Some random thoughts on dividends: Become a Complete Fool
1) There is no single "correct" answer regarding dividends. Where or not it is "better" for Berkshire to pay a dividend will differ for each investor according to his investment goals.
2) Nevertheless, any given investor may be mistaken as to what dividend policy would most successfully accomplish his goal.
3) Each and every one of us who has committed capital to this company is a partial owner and has every right to have and express an opinion as to dividend policy.
4) The reasonable course is for the majority (in terms of number of shares owned) to determine the course. (It follows that, given that Buffett has built this company and owns an enormous number of shares, he actually should have the greatest (although not absolute) input into the policy.)
5) Everyone who suggests that people who want a dividend simply should sell some of their shares to manufacturer a "dividend" are missing a very crucial point about dividends. The stability of a dividend will be determined solely by the stability of the cash flows of a business; whereas the stock price--and therefore the proceed from share sales--can very widely. For example, take a retired Berkshire investor who may have the vast majority of their net worth invested here and is very dependent on Berkshire for their income. A dividend would be a very secure cash stream on which they could depend, regardless of market conditions. However, imagine a scenario (huge stock market crash, death of Buffett, etc.), which severely depressed Berkshire share price for a few years. This could be very harmful to this investor if they had to sell shares during this time. Now for a young investor who is only saving for the future and not having to spend any money from Berkshire, they can ride out the storm. But that does not invalidate the former investor's desire for the stability of dividends.
6) When dividends do begin to be paid, those who would rather have Buffett reinvest their cash can partially accomplish this by using those dividends to buy more shares of BRK
7) To those who suggest that if one thinks that they could invest (a portion of) the cash flow of Berkshire, then there is no reason to invest, again, this is flawed thinking. There is nothing inconsistent or illogical about someone wanting to invest in the fine collection of businesses already owned here, but who at the same time believes they may be able to find some uses of the funds that could be better than are available to Buffett. Or maybe they don't need to make any more money, and want to use this cash flow simply to SPEND. And, this is not an all-or-none issue; likely most people who would like to see a dividend are not suggesting that the entire free cash flow every year be distributed.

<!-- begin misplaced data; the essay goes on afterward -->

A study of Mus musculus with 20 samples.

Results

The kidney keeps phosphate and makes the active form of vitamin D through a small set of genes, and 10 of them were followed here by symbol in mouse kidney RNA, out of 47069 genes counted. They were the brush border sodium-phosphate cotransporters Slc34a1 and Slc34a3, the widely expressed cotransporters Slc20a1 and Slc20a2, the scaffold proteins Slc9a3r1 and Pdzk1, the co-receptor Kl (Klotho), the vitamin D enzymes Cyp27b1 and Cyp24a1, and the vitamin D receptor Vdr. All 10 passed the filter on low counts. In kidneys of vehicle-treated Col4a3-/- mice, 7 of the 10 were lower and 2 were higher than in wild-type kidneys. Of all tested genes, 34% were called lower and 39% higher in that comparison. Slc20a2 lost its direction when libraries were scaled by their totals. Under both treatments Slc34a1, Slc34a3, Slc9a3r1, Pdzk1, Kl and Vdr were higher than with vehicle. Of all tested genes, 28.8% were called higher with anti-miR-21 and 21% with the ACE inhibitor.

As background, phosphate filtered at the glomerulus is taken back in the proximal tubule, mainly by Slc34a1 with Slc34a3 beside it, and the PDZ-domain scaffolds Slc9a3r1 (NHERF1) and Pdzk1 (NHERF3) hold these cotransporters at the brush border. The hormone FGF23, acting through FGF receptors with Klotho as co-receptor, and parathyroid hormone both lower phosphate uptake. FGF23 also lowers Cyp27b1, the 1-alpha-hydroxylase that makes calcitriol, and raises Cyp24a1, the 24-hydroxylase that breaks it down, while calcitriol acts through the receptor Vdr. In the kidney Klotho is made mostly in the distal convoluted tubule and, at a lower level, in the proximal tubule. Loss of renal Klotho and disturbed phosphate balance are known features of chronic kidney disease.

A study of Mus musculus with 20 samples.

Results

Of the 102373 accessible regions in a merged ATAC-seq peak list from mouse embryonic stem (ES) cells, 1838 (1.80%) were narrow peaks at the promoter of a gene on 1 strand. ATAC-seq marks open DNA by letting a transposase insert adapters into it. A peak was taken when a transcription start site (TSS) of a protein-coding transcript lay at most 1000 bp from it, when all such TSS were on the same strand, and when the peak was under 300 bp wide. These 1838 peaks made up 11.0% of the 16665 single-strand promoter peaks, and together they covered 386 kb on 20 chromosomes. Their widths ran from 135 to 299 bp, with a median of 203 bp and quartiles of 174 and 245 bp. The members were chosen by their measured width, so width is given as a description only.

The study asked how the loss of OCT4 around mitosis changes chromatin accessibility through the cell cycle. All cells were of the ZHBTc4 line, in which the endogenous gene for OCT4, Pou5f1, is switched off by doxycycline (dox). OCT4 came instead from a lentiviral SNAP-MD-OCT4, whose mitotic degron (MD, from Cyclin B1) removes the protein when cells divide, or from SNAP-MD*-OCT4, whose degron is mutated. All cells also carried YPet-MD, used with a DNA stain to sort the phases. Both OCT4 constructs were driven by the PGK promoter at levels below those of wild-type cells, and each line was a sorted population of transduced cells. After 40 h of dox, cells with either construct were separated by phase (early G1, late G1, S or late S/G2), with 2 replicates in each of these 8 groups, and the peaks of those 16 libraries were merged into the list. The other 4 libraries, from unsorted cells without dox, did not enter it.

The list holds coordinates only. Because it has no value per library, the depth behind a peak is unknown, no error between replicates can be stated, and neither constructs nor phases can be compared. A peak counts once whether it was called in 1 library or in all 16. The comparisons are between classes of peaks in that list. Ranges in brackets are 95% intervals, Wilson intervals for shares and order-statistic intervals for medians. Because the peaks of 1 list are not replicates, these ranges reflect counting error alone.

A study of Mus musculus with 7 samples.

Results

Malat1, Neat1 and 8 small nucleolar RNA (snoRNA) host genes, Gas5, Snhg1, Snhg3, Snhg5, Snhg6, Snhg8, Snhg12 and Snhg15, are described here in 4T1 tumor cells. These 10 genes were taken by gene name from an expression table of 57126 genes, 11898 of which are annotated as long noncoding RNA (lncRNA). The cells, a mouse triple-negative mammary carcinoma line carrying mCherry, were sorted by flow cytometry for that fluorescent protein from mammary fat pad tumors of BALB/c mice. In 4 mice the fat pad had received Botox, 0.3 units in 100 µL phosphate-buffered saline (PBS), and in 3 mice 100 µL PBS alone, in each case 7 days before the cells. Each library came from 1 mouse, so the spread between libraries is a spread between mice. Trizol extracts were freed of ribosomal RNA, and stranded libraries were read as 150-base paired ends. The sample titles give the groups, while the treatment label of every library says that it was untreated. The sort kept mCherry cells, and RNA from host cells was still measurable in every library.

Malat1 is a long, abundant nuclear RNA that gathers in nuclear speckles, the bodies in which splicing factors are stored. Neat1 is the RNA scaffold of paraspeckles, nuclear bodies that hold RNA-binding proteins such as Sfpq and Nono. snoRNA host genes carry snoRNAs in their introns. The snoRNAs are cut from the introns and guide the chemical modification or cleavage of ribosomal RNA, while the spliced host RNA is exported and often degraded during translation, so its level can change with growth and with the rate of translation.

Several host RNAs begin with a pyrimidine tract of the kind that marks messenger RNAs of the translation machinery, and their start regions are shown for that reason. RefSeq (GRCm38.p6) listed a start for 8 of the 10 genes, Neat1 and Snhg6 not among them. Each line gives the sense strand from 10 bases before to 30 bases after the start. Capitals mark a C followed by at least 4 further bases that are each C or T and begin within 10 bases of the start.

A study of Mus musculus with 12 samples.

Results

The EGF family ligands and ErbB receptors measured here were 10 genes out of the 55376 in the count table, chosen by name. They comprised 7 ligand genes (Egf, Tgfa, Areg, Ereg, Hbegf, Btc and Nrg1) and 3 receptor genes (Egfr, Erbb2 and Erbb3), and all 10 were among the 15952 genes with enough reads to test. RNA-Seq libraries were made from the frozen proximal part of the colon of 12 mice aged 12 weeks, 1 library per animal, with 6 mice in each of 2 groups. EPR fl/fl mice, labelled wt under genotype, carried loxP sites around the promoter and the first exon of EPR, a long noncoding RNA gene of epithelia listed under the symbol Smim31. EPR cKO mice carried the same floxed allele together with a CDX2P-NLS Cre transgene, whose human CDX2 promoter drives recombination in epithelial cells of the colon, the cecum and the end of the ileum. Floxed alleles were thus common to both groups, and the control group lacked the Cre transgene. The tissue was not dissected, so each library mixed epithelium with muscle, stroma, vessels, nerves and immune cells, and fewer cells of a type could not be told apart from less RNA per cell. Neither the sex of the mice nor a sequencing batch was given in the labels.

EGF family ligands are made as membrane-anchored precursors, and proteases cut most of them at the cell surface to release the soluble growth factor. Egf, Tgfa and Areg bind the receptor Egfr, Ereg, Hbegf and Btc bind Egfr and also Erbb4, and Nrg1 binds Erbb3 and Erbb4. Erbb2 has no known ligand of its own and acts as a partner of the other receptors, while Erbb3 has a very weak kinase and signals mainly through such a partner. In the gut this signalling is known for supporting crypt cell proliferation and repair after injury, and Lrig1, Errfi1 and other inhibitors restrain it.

8) There really is no question about whether or not Berkshire will pay a dividend; the question is simply when. So to those who would like to see a dividend, I would encourage patience. It will happen. And my GUESS is that one of two things is going to happen soon: either market conditions will develop that will allow Buffett to shoot some elephants, or he will start to pay some dividends (note: "soon" is meant in Buffett-time, which seems to be slower than that of most of us who are less patient). And it seems almost a certainty that once Buffett turns over the reins and his stake goes to his foundation, then Berkshire would likely have a very generous dividend policy (in terms of the votes cast by the foundation, I believe that it would be in their long-term interest to have the 5% of their assets that they have to give away yearly come from dividends rather than sales of shares, so that they can maintain their voting strength within the company).
9) I believe that one can make this a bigger matter than it needs to be. Regardless of what one's personal preference is on dividends, Berkshire is going to prove to be a good investment. Regardless of when dividends begin to be paid, I do believe that anyone who does not trust that Buffett is going to do intelligent things with the cash flow of this company, and that the current subsidiaries are going to continue to shine, should clearly go elsewhere. And if Buffett and the subsidiaries DO continue to shine, we should all make plenty of money either way.